Legalizing Marijuana
June 15, 2013
Will pot become lawful nationwide?

More than half of Americans support legalizing marijuana use, according to a Pew Research Center poll, and two states — Washington and Colorado — are the first to allow adults to use the drug for recreational purposes. Meanwhile, 24 states and the District of Columbia allow marijuana use for medical reasons or have decriminalized the drug. The Obama administration’s stance on enforcing federal laws barring marijuana use in Washington and Colorado remains unclear. Organizations opposed to liberalizing marijuana laws hope to get the administration to take a tougher line in states that have legalized medical or recreational use. Meanwhile, 22.5 million Americans — including one in 10 youths between 12 and 17 — reported using drugs in 2011. So-called synthetic marijuana, a new drug also known as “Spice” or “K2,” has risen sharply in popularity among teens.

Robyn Bowen of Seattle smokes marijuana beneath the Space Needle
            shortly after a law legalizing the drug’s recreational use by adults took effect on Dec.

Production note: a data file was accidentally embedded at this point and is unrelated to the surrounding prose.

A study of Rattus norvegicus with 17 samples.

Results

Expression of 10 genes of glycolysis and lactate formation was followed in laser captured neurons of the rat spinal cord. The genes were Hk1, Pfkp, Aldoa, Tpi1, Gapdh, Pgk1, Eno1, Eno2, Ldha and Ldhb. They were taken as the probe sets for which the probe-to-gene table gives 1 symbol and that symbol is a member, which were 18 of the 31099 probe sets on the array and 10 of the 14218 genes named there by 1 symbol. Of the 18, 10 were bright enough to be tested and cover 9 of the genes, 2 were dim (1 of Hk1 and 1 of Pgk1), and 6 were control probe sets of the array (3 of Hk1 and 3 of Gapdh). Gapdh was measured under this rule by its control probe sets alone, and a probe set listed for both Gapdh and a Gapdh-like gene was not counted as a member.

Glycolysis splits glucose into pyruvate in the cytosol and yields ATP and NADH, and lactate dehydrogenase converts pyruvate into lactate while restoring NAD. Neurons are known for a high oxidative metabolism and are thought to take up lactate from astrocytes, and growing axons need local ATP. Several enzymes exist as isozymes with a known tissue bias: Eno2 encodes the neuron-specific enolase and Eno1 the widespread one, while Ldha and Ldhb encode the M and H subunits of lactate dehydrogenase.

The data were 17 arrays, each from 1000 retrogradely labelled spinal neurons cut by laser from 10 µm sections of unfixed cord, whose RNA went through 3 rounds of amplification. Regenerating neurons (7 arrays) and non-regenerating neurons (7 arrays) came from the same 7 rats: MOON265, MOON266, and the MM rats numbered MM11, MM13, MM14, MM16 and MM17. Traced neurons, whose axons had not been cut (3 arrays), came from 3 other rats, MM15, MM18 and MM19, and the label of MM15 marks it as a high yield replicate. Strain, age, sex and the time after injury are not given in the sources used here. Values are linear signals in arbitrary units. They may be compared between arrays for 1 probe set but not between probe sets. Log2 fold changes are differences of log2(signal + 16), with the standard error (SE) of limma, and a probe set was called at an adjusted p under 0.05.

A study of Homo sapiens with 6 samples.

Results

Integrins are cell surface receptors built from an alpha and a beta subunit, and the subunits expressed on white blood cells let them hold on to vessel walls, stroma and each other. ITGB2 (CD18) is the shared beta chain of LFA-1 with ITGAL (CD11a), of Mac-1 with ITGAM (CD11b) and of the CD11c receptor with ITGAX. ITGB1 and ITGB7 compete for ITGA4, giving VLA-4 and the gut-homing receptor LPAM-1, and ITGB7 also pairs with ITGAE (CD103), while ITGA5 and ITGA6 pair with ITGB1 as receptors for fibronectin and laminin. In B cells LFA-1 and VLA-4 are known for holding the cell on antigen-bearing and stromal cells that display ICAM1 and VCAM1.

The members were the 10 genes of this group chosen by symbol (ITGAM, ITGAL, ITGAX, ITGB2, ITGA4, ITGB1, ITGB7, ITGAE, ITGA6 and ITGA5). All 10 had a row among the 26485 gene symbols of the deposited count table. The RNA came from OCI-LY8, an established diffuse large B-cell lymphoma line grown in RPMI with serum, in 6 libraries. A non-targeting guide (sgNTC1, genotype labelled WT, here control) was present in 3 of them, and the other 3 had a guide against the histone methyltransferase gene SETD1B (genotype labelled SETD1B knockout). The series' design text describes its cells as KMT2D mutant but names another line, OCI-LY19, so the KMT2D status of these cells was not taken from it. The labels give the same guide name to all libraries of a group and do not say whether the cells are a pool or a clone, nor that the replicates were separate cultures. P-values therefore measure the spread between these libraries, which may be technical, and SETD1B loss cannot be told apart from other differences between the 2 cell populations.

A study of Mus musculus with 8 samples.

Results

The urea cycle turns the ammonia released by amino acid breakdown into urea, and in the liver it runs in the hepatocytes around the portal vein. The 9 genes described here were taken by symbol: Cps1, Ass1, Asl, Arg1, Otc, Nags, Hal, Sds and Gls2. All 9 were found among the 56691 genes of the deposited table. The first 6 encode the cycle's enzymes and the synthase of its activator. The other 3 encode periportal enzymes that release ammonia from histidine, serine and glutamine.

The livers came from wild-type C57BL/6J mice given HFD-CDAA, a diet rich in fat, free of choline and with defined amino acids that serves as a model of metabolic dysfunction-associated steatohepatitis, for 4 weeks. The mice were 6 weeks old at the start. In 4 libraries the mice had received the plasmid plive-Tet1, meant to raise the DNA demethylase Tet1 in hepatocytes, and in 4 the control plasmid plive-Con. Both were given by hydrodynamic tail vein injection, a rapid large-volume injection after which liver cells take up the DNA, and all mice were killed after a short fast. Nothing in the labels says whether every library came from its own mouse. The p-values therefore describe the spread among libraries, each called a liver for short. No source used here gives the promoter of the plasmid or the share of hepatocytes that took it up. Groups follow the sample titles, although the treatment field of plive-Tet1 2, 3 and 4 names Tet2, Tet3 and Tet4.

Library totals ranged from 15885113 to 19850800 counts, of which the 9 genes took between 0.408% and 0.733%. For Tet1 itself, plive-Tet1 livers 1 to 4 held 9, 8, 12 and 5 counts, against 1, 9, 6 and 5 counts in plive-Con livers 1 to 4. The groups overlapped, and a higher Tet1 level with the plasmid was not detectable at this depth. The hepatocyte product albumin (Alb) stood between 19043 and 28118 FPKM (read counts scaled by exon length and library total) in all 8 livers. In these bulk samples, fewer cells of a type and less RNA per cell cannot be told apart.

6, 2012, in Washington. (Getty Images/Stephen Brashear)   Robyn Bowen of Seattle smokes marijuana beneath the Space Needle shortly after a law legalizing the drug’s recreational use by adults took effect on Dec. 6, 2012, in Washington. Last November, Washington and Colorado became the first states to allow such use. (Getty Images/Stephen Brashear)

Last November, Washington and Colorado became the first states to allow adults to use marijuana for recreational purposes.

The historic moves contributed to a growing divide between state and federal laws. While federal law still categorizes marijuana as a Schedule 1, or controlled, substance like heroin and crack cocaine, in the past two decades 24 states plus the District of Columbia have allowed marijuana use for medical purposes or have decriminalized it — making possession of small amounts of pot an offense akin to a traffic violation.